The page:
Since the Christchurch earthquakes, the subsequent rebuild, the rearrangement of certain public spaces, and changes to the way people are being encouraged to travel around the city, travelling to other cities sets me onto comparison mode. Naturally, critiquing the cycling experience takes priority, but the pedestrian experience and public spaces are of interest also.
Let’s look at a recent visit to Melbourne. This post from Lennyboy covers most of the infrastructure features of Melbourne cycling from 18 month ago.
Back in 1992, a development plan designed to increase the population of central Melbourne and make it an attractive vibrant city that people would want to visit and live was implemented. Labelled Postcode 3000, the project allowed incentives to build central residential development. The conversion of commercial buildings and warehouses into liveable spaces was encouraged. The increasing central city population and subsequent increase in commercial development has fuelled cultural activity and given downtown zones a ‘buzz’ of interesting stuff. The Laneways which were previously dead, dirty places of questionable safety, now throng with people and retail and hospitality activity; a must go to area for any visit to Melbourne.
As population density increases centrally – (Melbourne at 470 people per sq km, as opposed to Christchurch at 270 per sq km) it is realised that cars are extremely space inefficient as a mode of transport.
From the chair of the Transport Portfolio in June 2018:
“Make no mistake, with a few notable exceptions such as deliveries, disability and emergency services access, we are in the business of reclaiming space from cars for great shared living,” Cr Frances Gilley said.
“We need to optimise our city streets for people walking, cycling and taking public transport because that is how the majority of people move around and it’s the most efficient way to move large numbers of people as our population grows.”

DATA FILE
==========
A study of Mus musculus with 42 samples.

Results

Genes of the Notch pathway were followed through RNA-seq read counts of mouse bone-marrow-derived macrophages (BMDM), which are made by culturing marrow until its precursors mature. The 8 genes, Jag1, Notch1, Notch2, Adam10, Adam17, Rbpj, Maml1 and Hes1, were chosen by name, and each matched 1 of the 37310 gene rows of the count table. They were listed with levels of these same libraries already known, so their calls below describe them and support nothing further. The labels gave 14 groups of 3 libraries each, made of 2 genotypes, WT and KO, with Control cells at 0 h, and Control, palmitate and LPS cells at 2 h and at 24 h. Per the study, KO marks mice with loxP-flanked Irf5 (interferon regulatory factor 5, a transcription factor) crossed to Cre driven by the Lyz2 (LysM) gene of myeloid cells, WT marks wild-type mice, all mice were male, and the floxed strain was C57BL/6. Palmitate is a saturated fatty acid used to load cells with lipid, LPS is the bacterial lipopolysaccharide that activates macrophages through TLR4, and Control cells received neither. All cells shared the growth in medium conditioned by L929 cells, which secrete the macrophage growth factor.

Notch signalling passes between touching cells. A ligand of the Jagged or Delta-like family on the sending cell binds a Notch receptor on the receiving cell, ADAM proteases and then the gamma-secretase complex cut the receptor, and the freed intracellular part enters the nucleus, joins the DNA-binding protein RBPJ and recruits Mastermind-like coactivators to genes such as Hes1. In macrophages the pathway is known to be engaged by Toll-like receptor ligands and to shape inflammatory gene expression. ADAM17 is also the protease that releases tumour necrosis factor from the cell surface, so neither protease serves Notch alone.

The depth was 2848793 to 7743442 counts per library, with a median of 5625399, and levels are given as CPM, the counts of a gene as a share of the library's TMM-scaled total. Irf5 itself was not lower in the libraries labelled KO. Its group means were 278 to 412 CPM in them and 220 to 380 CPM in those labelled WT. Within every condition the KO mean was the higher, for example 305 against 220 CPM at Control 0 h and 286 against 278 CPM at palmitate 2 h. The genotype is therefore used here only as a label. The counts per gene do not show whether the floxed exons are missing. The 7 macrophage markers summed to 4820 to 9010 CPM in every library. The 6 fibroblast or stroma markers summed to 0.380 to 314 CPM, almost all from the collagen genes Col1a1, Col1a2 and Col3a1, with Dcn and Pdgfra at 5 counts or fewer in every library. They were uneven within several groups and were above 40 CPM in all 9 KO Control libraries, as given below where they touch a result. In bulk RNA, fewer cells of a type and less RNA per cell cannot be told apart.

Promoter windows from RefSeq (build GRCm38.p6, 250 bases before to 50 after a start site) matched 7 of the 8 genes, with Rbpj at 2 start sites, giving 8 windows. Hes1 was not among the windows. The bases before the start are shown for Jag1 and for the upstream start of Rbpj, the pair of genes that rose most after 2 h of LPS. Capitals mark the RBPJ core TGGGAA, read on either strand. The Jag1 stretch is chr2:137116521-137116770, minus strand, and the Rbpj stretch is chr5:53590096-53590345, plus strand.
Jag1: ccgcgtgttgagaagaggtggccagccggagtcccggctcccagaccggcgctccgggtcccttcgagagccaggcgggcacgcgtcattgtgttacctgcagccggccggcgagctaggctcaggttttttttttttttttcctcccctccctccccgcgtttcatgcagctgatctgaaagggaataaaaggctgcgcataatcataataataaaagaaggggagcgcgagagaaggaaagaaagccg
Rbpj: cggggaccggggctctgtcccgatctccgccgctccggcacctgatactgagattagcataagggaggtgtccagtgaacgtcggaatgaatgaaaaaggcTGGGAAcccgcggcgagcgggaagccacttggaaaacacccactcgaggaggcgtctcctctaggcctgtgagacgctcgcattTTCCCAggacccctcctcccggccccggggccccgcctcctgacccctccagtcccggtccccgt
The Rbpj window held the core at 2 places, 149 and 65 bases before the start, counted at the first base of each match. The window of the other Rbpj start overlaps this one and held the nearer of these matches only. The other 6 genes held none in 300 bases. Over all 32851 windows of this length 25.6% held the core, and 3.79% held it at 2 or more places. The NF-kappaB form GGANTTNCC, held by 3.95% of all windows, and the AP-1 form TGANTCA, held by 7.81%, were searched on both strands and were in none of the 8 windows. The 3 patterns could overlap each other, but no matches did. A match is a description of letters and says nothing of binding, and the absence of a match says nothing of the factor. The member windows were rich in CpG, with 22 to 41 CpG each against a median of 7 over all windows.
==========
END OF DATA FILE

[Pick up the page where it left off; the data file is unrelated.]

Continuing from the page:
The changes made and the aggressive stance to change Melbourne from being just a car and tram city has enabled the better environment for cycling. Much more could be yet done to connect the limited cycleway network better, reduce vehicle speeds further, and improve the inevitable compromise infrastructure that results from opposition. What is noticeable however, in addition to some good separation infrastructure, is the placement of well used bike parking stands on pavement space.
Melbourne has a climate comparable to Christchurch. It is not so much flat as sits atop easily cycleable gradients. Most central areas were planned out during the second half of the 19th century when money was pouring in from the goldfields of Victoria. The popular way to redevelop European cities at the time was to build wide boulevards, facilitating the movement of people with various forms of wheeled transport.
An extensive grid pattern has enabled some wide streets to easily accommodate a spacious cycle lane without traffic disruption. Not perfect, but cheap and effective. Like Christchurch, many parks and gardens exist to accommodate shared paths; footpaths also become shared use to link the gaps. The provision of separated cycleways has been challenging due to the extensive tram network spanning the CBD, but those achieved appear successful.
Melbourne Bikeshare has operated since 2010, with 50 stations and 600 bikes. 170,000 rides were recorded in the 12 months July 2015 to June 2016 well short of initial projections. This is thought to partially be due to a compulsory helmet requirement. Although free helmets have been provided, few were evident at the stations within the CBD.
Dockless bikeshare oBike provided a service in Melbourne for almost 12 months before abandoning the project. Opposition from some quarters, and destructive behaviour from others, resulted in regulation by the city. This was deemed incompatible with the company’s mode of operation.
The Capital City Trail is a great way to enjoy a few hours experiencing inner Melbourne by bike. To learn some of the colourful history behind the many central landmarks of Melbourne, join an entertaining and enjoyable guided bike tour.
A noticeable cycling difference between Central Melbourne and Christchurch is who is on their bikes. With our new cycleways designed to appeal to the ‘8 to 80’ demographic, that is what we are getting. Everyone from all walks of life. I know little of Melbourne suburbia (other than Kath and Kim, which certainly didn’t feature any evidence of cycling as a mode of transport) but the central city demographic on bikes appeared to be 20 to 50 years of age, with a style of bike and clothing to match. Representing the urban professional in a large and successful western city.
Have you biked in Melbourne? What did you think?